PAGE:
Monster Rolls out red carpet for celebrity brand endorsers at its CES event. From left: Xzibit, Chris Erb, EA Sports Vice President of Marketing, actor Nick Cannon, moswl, XROE Tyson Beckford, Boxer Sugar Ray Leonard, Sheila E. and Andrea Giacomelli, world licensing director, Diesel. (Photo: Alex Pham)
For Monster, pouring on the glam wasn't just about filling the marketing void left by Beats. Each celebrity was selected to target a different demographic, Lee explained in an interview after the event. Just as Beats zoomed in on the urban, hip-hop crowd, Monster wants to carve other market segments - gamers, kids, sports enthusiasts, business travelers, budget-conscious families and women.
Monster turned to rapper Xzibit and boxing champion Sugar Ray Leonard to appeal to sports and gaming enthusiasts with its T1 headphones, designed for surround-sound video game sound effects and cinematic soundtracks. Recording artist Sheila E is associated with company's Diamond Tears line of premium fashion headphones. Actor Nick Cannon speaks to urban kids who may want to buy Monster's value-priced headphones sold at Wal-Mart stores. The list goes on.
"We're each going our own way, following our own vision," Lee said in an interview about life after Beats. "Beats owns the urban hip-hop demo. We want to take that model to sports, gaming, youth and other segments. This is different than what Beats is doing."
Lee, whose family owns 100% of Monster, is an engineer by training, having earned a masters degree in mechanical engineering at California Polytechnic State University. After he worked six years as a laser fusion scientist at Lawrence-Livermore Laboratory, Lee founded Monster in 1979 and became a marketer in his own right, selling premium-priced cables in anotherwise commoditized market.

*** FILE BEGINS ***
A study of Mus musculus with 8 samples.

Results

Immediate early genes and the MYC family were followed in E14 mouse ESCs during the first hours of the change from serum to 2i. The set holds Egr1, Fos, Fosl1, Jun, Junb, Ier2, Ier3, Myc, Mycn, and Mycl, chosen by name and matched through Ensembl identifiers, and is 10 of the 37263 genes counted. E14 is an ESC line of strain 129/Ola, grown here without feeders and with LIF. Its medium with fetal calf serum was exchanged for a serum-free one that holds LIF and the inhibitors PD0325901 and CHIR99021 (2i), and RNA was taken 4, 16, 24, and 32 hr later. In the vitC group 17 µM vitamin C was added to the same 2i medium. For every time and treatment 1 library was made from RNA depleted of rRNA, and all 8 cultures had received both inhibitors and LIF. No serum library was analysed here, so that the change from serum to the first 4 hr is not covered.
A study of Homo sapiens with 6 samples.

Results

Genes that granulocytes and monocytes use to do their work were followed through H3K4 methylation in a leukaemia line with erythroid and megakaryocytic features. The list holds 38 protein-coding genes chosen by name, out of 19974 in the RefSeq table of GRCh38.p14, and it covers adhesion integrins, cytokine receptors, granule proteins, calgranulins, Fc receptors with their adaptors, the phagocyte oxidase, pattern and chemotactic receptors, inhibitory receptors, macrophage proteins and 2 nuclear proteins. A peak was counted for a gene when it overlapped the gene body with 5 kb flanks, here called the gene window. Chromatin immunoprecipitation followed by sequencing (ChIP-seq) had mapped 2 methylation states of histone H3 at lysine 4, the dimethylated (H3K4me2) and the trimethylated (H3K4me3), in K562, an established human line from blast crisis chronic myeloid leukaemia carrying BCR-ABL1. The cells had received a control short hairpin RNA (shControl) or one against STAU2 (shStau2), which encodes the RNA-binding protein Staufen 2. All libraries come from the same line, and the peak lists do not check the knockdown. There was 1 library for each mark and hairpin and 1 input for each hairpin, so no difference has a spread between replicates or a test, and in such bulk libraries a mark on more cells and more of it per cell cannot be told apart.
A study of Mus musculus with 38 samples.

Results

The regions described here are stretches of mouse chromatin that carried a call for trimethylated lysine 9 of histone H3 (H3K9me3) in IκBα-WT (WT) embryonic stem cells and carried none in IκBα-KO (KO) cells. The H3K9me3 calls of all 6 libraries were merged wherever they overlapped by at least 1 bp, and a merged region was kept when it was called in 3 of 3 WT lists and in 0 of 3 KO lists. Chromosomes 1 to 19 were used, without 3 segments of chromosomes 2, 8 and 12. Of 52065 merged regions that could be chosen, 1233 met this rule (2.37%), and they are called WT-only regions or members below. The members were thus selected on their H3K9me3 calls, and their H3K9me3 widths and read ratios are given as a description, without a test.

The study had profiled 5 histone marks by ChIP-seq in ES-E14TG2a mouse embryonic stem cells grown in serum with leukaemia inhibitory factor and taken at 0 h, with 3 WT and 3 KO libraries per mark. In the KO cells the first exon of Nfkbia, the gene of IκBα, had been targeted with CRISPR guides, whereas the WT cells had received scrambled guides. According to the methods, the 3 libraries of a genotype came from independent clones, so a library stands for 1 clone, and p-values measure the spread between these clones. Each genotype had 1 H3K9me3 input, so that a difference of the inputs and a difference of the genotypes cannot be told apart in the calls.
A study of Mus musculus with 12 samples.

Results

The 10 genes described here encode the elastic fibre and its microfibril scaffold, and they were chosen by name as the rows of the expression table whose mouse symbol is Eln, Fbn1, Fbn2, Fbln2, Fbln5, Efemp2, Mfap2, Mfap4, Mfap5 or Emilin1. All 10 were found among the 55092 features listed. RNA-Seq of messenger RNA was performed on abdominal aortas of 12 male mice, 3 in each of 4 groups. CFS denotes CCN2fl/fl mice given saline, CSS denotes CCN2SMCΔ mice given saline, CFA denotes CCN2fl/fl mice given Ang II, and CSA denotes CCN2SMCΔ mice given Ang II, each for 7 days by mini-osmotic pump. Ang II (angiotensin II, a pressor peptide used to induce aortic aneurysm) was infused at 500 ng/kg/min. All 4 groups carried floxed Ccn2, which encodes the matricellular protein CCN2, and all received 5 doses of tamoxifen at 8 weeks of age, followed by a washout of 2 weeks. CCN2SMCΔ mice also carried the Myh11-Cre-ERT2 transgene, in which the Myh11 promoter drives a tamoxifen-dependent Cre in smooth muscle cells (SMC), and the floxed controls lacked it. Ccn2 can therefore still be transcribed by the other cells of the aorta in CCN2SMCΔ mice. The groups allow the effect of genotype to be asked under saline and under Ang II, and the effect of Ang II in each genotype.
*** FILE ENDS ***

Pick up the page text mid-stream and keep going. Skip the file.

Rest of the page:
He repeated the feat with Beats. Thanks in large part to Dre and Iovine's celebrity marketing prowess, the three created a vibrant, premium-priced headphone category within a largely commoditized market. Last year, Monster was the largest manufacturer in the $754 million U.S. market for headphones priced $100 and above.
The 63-year-old executive acknowledged that half of his company's revenue last year came from the Beats brand. Because Monster is privately held, it does not disclose its financials.
"That's why we have to step it up this year with our new brand efforts," Lee said.